Update: In yesterday's case of Emma Watson's "TIMES UP" tattoo versus the internet, the world was left wondering whether or not the ink (and correlating grammar mistake) was, in fact, real. Now, the star has taken to Twitter to confirm its invalidity, while responding to the criticism in stride: "Fake tattoo proofreading position available. Experience with apostrophes a must," she wrote. Punctuation enthusiasts, now's your chance.
This story was originally published by March 5.
Women in Hollywood are fed up — with discrimination, unequal pay, and unwanted sexual advances — and they're using their platforms at award shows to push the Time's Up and #MeToo movements forward. One such woman was activist Emma Watson, who attended last night's Vanity Fair Oscars party with a (likely) temporary tattoo of cursive script that read, "TIMES UP."
But rather than focus on the important message emblazoned across her forearm, Twitter's self-appointed grammar police zero-ed in on something they deemed much more important: the phrase's lack of apostrophe.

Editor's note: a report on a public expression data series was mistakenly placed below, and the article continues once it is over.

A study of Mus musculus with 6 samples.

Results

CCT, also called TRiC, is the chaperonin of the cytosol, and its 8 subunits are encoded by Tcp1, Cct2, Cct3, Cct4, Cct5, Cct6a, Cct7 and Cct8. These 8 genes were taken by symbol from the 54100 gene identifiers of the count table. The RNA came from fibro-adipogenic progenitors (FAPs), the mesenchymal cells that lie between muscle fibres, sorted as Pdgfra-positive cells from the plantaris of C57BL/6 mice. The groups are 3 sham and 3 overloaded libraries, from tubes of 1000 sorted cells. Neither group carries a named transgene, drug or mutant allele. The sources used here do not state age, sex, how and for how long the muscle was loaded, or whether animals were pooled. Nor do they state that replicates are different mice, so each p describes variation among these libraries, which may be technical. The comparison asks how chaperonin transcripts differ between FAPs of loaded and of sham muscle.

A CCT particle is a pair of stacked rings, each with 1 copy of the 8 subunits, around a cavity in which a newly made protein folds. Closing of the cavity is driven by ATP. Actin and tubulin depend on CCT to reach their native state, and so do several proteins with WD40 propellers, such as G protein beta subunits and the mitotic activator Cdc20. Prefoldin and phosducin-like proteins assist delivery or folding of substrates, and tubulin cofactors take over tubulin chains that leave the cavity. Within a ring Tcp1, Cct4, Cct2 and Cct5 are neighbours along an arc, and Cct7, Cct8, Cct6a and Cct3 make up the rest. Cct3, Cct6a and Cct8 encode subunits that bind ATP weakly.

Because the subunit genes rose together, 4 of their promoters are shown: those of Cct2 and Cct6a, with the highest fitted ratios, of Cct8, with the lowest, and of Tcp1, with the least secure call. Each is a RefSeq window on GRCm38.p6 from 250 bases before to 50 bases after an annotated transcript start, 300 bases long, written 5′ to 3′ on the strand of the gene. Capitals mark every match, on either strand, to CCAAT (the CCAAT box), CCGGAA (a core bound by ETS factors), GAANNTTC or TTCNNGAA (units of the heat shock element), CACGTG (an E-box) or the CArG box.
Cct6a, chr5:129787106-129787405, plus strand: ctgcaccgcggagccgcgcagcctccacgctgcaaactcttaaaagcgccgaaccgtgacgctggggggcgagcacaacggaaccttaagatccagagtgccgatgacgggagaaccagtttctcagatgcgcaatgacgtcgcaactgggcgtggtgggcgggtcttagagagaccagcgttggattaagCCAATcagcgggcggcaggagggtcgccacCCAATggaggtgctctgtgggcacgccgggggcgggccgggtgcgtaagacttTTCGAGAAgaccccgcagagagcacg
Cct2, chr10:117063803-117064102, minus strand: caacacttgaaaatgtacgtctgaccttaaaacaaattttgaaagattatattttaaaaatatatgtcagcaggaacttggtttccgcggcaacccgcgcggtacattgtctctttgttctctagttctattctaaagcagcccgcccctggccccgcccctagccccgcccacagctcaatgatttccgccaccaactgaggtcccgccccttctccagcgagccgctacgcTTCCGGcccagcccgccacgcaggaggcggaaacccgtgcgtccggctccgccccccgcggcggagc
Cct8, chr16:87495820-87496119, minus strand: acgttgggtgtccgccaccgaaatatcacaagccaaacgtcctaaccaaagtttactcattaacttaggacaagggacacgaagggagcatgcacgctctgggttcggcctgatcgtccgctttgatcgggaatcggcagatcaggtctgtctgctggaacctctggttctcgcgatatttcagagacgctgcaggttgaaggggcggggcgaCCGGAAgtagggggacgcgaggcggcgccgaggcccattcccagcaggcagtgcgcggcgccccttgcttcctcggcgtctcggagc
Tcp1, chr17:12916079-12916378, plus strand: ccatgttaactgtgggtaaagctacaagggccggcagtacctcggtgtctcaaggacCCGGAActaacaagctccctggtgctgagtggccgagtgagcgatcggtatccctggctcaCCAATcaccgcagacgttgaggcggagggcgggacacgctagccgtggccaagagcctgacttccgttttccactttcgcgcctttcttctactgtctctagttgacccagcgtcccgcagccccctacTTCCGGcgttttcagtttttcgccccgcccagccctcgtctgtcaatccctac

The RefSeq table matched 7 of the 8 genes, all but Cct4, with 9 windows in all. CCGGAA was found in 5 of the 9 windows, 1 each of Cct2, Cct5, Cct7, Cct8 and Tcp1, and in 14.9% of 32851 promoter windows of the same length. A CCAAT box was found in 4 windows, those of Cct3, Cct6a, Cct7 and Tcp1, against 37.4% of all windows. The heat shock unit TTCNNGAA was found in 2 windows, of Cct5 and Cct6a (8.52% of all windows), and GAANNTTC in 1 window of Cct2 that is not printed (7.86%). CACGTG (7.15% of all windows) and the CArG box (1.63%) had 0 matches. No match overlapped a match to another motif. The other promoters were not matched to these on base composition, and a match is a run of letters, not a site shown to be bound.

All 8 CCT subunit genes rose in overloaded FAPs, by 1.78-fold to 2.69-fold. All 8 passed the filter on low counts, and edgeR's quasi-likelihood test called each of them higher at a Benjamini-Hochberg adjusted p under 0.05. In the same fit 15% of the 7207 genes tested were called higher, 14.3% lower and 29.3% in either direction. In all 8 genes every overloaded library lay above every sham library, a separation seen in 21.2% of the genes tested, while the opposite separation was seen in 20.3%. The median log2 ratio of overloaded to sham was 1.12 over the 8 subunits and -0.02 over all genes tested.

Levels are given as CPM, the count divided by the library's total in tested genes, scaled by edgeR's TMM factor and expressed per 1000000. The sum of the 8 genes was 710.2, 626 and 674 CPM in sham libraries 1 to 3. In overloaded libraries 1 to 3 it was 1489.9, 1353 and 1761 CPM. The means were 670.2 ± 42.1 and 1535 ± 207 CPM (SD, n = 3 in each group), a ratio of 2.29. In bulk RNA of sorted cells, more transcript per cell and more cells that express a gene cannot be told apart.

To start, the obvious glossy sheen around the letters indicates that the tattoo is most likely a stencil appliqué that Watson washed off at the end of the night — so let's hold the outrage directed at her tattoo artist. And second, do you actually think a woman who started her own feminist book club while serving as an ambassador for the UN and advocating for human rights really doesn't understand proper punctuation? Would it matter this much if she didn't?
At the end of the day, what Watson elects to put on her body is her choice — grammar mistakes and all. And, who knows? Maybe she even purposefully left off the punctuation to make headlines, as one Twitter user hypothesized. But regardless, we're never going to hear anyone's message if we're nitpicking the delivery to this extent.
Standing in solidarity for women's rights at the biggest award show of the year? That's what's worth talking about. Period.